You Said, We Did

Showing end-users how their collective feedback has guided IT improvement initiatives


Objective of IT Communications

The goal of regularly communicating with end-users is to update them on the significance of their feedback. "You Said, We Did" demonstrates how feedback is used to make IT decisions that improve the products or services that end-users rely on.

Impact of Good IT Communications

Using clear, straightforward language end-users easily understand how IT uses feedback to enhance services. It encourages users to continue giving valuable feedback. This results in better decision-making, better outcomes, more communication in a virtuous loop. 

About this ITXM Best Practice

Sari Ihana / HCL
Sakari Kyrö / HappySignals

Reading time:
8 minutes


2nd February 2023

What is "You Said, We Did" about?

"You Said, We Did" communication refers to a process where IT communicates with end-users about how their feedback has influenced IT decisions and improvements. To make this communication effective, it should be presented in a practical manner and utilize simple language that is easy to understand without technical jargon.

The communication should clearly outline how the feedback has been used to make changes and improvements, demonstrating the direct link between end-user feedback and IT decisions.

By doing so, end-users will feel valued and engaged, as they can see the impact of their feedback, and this can encourage them to provide more feedback in the future. 

Why would you implement "You Said, We Did"?

The main reason for regularly demonstrating how end-users feedback has been taken into account is to show that IT values their input when developing IT services. Many end-users do not provide feedback because they feel like it won't make a difference.

Regularly communicating how feedback guides IT work, even if all of their requests cannot be fulfilled, helps end-users feel heard and valued. This encourages them to continue providing feedback, knowing that their opinions and ideas are being considered. This also helps IT to understand the needs and expectations of the end-users better, resulting in more user-friendly IT services that better meet their needs.

When would you use "You Said, We Did"?

It is a good practice to begin demonstrating the results of Experience Management as soon as they become available. In the beginning, the results might be small wins in specific areas of IT, but it is still worth highlighting them to end-users. By consistently using the "You Said, We Did" approach, end-users will become more confident that their feedback is being taken seriously and acted upon. This can help to build trust between end-users and IT, which is crucial for maintaining positive working relationships.

Even small improvements can be significant to end-users and highlighting these successes, encourages them to continue providing feedback, knowing that it is being used to make positive changes - in alignment with the ITIL4 principle of "Focus on value".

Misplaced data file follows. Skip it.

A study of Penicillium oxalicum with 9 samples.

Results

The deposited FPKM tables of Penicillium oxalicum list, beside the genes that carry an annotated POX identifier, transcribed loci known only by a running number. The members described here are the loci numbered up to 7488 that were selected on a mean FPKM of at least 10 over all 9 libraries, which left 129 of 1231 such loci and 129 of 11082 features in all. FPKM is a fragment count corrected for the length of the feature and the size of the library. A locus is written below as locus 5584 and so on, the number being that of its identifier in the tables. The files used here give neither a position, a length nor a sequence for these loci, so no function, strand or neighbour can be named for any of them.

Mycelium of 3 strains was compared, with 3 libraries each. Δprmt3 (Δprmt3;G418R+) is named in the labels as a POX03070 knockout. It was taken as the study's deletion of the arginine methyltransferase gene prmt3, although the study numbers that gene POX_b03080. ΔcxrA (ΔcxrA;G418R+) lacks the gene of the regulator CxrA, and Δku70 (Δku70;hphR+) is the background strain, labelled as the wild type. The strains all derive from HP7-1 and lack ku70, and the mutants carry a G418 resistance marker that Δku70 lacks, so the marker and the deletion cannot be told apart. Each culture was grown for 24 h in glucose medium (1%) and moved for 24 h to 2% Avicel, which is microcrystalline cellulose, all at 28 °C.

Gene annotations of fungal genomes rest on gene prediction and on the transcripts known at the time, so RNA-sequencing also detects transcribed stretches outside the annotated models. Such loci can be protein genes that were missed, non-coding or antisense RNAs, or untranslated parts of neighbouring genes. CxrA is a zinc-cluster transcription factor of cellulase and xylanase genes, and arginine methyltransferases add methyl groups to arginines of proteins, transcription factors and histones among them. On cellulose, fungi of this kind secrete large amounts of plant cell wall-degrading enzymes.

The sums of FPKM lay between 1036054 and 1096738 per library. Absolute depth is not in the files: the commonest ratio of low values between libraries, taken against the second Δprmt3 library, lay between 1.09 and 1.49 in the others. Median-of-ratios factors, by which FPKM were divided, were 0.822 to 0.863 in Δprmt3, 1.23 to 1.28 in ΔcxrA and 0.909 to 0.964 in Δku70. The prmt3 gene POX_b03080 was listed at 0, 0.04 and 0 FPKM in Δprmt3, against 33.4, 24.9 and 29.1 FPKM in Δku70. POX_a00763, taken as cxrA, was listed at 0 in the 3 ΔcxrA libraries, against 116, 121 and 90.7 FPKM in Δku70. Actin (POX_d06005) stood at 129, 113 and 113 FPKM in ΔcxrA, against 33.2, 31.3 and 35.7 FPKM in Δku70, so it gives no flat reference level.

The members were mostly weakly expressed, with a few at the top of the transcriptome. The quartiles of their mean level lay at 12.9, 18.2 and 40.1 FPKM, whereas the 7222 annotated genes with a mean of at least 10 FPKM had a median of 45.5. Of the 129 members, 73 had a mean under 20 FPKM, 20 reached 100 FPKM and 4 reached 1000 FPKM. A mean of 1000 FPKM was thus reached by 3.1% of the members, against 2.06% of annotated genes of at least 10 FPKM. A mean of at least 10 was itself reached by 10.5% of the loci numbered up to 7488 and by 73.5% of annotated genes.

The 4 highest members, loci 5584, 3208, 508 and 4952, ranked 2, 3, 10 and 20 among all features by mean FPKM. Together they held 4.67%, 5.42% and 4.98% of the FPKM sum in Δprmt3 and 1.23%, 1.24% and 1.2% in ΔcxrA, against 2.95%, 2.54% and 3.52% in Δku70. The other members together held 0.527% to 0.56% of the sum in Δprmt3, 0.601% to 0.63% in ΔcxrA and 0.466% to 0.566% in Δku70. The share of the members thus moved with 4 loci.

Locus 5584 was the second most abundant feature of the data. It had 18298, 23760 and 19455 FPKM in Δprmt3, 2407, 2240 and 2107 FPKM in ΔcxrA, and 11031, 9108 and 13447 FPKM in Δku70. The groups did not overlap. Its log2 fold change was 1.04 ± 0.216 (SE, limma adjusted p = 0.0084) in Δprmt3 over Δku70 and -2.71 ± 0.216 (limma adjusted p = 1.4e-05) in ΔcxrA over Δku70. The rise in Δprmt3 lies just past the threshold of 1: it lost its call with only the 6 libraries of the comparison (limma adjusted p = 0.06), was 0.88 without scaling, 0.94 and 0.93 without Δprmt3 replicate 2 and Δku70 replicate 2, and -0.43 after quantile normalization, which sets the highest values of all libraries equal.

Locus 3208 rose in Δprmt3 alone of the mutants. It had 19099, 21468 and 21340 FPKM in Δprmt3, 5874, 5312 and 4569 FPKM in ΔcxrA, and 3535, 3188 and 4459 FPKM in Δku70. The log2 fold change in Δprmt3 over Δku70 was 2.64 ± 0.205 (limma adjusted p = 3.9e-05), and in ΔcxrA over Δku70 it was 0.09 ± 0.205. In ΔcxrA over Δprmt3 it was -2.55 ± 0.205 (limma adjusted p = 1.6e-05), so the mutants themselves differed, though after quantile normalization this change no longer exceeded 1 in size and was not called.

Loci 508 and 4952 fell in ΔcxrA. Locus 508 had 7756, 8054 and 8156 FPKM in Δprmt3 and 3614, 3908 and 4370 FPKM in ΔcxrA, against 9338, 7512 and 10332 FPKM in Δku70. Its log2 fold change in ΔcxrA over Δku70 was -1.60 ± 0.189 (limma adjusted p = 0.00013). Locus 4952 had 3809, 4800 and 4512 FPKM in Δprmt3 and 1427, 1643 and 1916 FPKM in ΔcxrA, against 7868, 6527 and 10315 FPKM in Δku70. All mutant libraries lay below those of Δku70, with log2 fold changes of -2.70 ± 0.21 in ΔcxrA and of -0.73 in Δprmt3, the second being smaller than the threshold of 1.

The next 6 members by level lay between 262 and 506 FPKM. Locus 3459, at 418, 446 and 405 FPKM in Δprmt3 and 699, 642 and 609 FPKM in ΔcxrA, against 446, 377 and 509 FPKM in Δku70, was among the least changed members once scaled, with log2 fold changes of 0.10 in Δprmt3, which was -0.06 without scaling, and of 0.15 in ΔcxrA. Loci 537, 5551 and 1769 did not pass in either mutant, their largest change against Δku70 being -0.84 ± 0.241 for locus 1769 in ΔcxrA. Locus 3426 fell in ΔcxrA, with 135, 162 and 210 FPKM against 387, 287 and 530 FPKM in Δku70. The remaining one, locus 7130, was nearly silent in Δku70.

How to do good IT Communications?

There are many good guidelines on effective internal communications, but we found this IT communications guideline by Sari Ihana to be really great. 

Her 5 tips on improving IT communications are simple, practical, and easy to follow. 

1. Choose the right channel. Use email only if you must. Send only those messages by email, that require action from the end users. Sure, there will be those techy people, who want to discuss IT stuff, but most of us just want to get things done and move on with our work. You can move the discussion from email to company's internal social media or discussion forum. We tested this. It works.

2. Keep it short and get straight to the point. As much as it tempts you to shout your success in that IT project to the whole world - don’t. Nobody cares unless they work on that same project with you. You can always get your team glorified in the IT social media or discussion forum that you just established. The end users only need to know: What, when, why, and what is required from them. If possible, the why should be something that benefits them.

3. Keep it simple. Use language that is simple and easy to read. Leave out the big technical words, instead use language that the end users understand. If you are working in a global company, remember to avoid “posh” English words. English language skills vary a lot between different countries.

4. Use pictures or videos. If there are many steps that the end-user needs to take, use pictures. Show exactly what they need to do. If it’s a big change, then make a video out of it. For the IT people this might seem a bit silly, but most of us are not that technical and we are terribly busy. Clear message saves money and time when all the end users are not calling to IT Help Desk (or whatever it’s called in your company) when they don’t understand what they need to do.

5. Test. So you have worked with your IT thing and tested and piloted it. Now it’s time for letting people know. What do you do: Just vomit something to a long email starting with bragging about your project success? NO! You write your message keeping in mind those 4 points above and then test. Test if anybody can understand what you are trying to say. Testing with other IT guys is not ok. Go as far as you can from IT. Ask that non-technical person to explain in his own words what the message is about. If he succeeds, you have succeeded.

End-user communication is just one part of IT project communication and email is just one channel. But having clear end-user communication and using the right channels, will improve your project success and keep the end users happier. Trust me, we have done this.